A barber shop is generally the best place to go for a beard trim, which is how I came to know Doug Dreher and the 11th Street staple where he spent most of the last two decades.
I was spending a sunny Saturday afternoon in the Heights, and my better half wanted me to clean up the overgrown bush that was hiding my face. So we made a stop at Doug’s Barber Shop, which caught my attention because of its favorable Google reviews, no frills appearance and historic place in the neighborhood.
The shop, which opened in 1929 at 219 E. 11th St., spoke to me as soon as I walked in. The walls were covered with an eclectic mix of photos, paintings, posters, newspaper clippings and images of some of my favorite Houston sports stars.
I soaked it all up and sat with anticipation while waiting for a seat to open. After 20 minutes or so, Doug spoke to me with a soft, friendly voice and invited me to sit in his chair.
A few minutes later, it became apparent that the barber shop’s clean-shaven namesake did not have much experience trimming beards. Doug made a couple cautious snips and sheepishly admitted as much, and then he made up for it.
He asked if I had clippers at home and then gave me two sets of clipper guards, brand new, that he had stashed in a nearby closet. Doug also handed me a magnetic calendar for the refrigerator and some sort of commemorative brick he had gotten from a building that was torn down.
I don’t remember the words that were inscribed on the orange-colored brick, but I’ll never forget my first encounter with Doug’s Barber Shop and my only meeting with the man who made it a second home for himself and countless other Heights-area residents over the years.
Two of the men who worked with Doug, who died Sept. 9 at age 68, said he liked to collect things and enjoyed sharing his findings with others. He had a brick collection, arrowhead collection, vinyl record collection and more than 2,000 pieces of McCoy Pottery.
Doug also liked to make new friends at the barber shop, which he treated as much like a cool place to hang out as he did a place of business. According to Jeff Armstrong, who bought the shop from Doug in 2014 and kept him on as a fellow barber, his longtime friend was a music lover who at one point played in a band and hosted late-night jam sessions at the barber shop.
“He always said he wasn’t (good at cutting hair),” Armstrong said. “He said he was better at talking.”
Becoming a barber and barber shop owner – Doug bought the business in 2001 from Don Willis, who continues to cut hair there – happened later in his life. Armstrong said Doug grew up in Coshocton, Ohio, and came to Houston while working for Amoco as a geologist.
Doug lived in a duplex on Michaux Street and started coming to the barber shop as a customer, then asked Willis if he was interested in selling it. Willis was open to the idea because he needed money for a new car and, according to Armstrong, Doug went to the bank that day and returned with cash.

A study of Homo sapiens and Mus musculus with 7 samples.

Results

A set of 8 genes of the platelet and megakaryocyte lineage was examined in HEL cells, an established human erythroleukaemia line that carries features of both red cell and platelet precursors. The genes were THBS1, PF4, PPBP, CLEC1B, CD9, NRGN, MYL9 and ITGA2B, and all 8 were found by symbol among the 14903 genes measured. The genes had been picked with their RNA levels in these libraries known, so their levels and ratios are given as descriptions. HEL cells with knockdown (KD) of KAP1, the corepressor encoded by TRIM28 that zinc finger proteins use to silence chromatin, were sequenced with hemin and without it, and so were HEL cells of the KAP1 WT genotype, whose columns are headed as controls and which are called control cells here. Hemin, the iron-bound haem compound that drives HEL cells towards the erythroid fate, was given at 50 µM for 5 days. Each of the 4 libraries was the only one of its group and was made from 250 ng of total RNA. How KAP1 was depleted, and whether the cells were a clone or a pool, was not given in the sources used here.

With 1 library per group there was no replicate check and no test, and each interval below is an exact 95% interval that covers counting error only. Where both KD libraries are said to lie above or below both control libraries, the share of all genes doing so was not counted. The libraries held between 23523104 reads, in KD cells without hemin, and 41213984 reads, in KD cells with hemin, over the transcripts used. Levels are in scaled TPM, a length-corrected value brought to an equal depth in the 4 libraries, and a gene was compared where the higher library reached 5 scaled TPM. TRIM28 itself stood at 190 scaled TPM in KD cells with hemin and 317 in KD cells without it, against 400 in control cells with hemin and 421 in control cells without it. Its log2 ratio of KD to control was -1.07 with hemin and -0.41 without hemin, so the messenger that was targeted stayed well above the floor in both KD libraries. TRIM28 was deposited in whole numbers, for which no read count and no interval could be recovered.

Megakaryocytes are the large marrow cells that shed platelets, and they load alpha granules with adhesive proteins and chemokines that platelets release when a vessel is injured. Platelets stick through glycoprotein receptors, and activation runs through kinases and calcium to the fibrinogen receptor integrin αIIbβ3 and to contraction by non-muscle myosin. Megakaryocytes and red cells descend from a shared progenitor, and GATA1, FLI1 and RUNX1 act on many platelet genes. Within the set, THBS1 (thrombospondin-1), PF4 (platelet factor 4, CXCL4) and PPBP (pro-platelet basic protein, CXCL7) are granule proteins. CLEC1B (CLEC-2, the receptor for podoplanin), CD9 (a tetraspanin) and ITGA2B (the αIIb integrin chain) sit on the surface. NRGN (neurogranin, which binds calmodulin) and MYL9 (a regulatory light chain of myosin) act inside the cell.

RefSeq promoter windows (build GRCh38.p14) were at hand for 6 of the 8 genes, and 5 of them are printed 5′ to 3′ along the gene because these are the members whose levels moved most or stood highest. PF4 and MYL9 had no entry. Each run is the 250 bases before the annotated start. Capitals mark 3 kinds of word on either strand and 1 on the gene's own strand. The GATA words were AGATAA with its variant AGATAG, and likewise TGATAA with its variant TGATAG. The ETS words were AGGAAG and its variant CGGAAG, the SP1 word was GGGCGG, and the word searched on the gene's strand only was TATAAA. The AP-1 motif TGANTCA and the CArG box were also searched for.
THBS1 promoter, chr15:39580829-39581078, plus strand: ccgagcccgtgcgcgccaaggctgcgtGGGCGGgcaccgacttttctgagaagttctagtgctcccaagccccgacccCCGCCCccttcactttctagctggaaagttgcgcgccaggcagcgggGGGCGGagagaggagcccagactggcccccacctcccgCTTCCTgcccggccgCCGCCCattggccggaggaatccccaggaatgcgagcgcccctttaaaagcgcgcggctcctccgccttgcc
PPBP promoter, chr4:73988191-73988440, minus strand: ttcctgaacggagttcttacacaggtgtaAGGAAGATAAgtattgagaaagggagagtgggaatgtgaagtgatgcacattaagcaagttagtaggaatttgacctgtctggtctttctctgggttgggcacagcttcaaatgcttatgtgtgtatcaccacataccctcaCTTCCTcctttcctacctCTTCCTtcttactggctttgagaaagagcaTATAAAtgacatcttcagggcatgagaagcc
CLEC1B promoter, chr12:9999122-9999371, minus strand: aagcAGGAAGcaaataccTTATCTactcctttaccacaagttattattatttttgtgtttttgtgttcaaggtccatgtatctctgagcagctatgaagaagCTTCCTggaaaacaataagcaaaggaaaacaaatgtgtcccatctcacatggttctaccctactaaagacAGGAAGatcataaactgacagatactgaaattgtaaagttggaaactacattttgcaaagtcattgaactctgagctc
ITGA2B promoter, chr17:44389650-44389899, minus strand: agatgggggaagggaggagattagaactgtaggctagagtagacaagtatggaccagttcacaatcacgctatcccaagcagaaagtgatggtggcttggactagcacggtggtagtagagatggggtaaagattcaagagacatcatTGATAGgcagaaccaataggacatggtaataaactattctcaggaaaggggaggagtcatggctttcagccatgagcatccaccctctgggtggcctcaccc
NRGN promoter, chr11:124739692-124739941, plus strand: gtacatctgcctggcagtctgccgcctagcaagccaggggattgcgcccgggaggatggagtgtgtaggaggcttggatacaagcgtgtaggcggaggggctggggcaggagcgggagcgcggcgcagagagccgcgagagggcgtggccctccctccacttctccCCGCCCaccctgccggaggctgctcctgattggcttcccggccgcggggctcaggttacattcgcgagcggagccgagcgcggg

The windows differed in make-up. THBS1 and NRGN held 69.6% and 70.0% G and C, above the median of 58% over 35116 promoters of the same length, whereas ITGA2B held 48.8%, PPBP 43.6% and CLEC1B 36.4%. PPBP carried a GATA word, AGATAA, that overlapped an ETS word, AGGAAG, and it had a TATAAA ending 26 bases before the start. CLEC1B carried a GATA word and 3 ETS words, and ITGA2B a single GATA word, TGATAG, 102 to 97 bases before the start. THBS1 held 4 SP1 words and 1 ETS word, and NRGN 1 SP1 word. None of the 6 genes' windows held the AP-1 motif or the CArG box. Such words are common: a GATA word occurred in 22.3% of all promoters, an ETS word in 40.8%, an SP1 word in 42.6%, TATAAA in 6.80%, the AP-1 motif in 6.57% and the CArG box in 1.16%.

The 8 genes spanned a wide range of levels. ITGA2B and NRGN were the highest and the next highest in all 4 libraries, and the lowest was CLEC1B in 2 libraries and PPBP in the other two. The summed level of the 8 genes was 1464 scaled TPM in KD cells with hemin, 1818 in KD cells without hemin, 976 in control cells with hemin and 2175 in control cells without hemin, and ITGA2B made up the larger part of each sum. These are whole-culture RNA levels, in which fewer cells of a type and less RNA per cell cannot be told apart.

The transaction wasn’t exactly immediate, though, because Doug had yet to go to barber school.
He eventually learned the trade and settled in as the shop’s owner, and his colleagues say Doug was the driving force behind all the decorations on the wall and the shop’s laid-back, welcoming atmosphere. Among the ornaments are photos commemorating the shop’s claim to fame – a scene in the 1998 Wes Anderson film “Rushmore” was filmed there – as well as a picture of Doug with Houston rapper Paul Wall, a former customer.
There also are photos of Doug from his high school days in Ohio, of him singing into a microphone while performing on stage, and of him portraying a clean-cut, slicked-back barber in a photo shoot for a magazine.
“This barber shop, it’s just like his home,” said Leonard Morgan, who worked alongside Doug for most of his tenure there. “You walk into this barber shop, you see Doug.”
Doug had another, more personal brush with celebrity. The daughter of his longtime partner, Dan Smith, who died in 2010, is Enron whistleblower Sherron Watkins.
According to Armstrong and Morgan, Doug treated everyone like they were important and had a trusting soul as well as a generous heart. Armstrong said Doug often helped the homeless, even letting them live with him, and was a caretaker for the landlord he had when he moved into his duplex.
Armstrong and Morgan, who both were hired by Doug, said they had a similar interview experience. Doug asked them to give him a haircut on the spot and, when they passed the test, he gave them a key and asked them to run the shop while he went out of town for several days.
“Doug would do anything for anybody,” Morgan said. “It didn’t matter who it was or what they were. Even if they did him wrong, he would still come back and help them. I’ve never seen anybody like him.”
Even if Doug did someone else wrong, maybe by giving them a bad beard trim, they still might have considered him a likable guy. And he still might have made a memorable impression.
That was the case for me, anyway. I imagine lots of other people who walked into Doug’s Barber Shop during the last 20 years left feeling much the same way.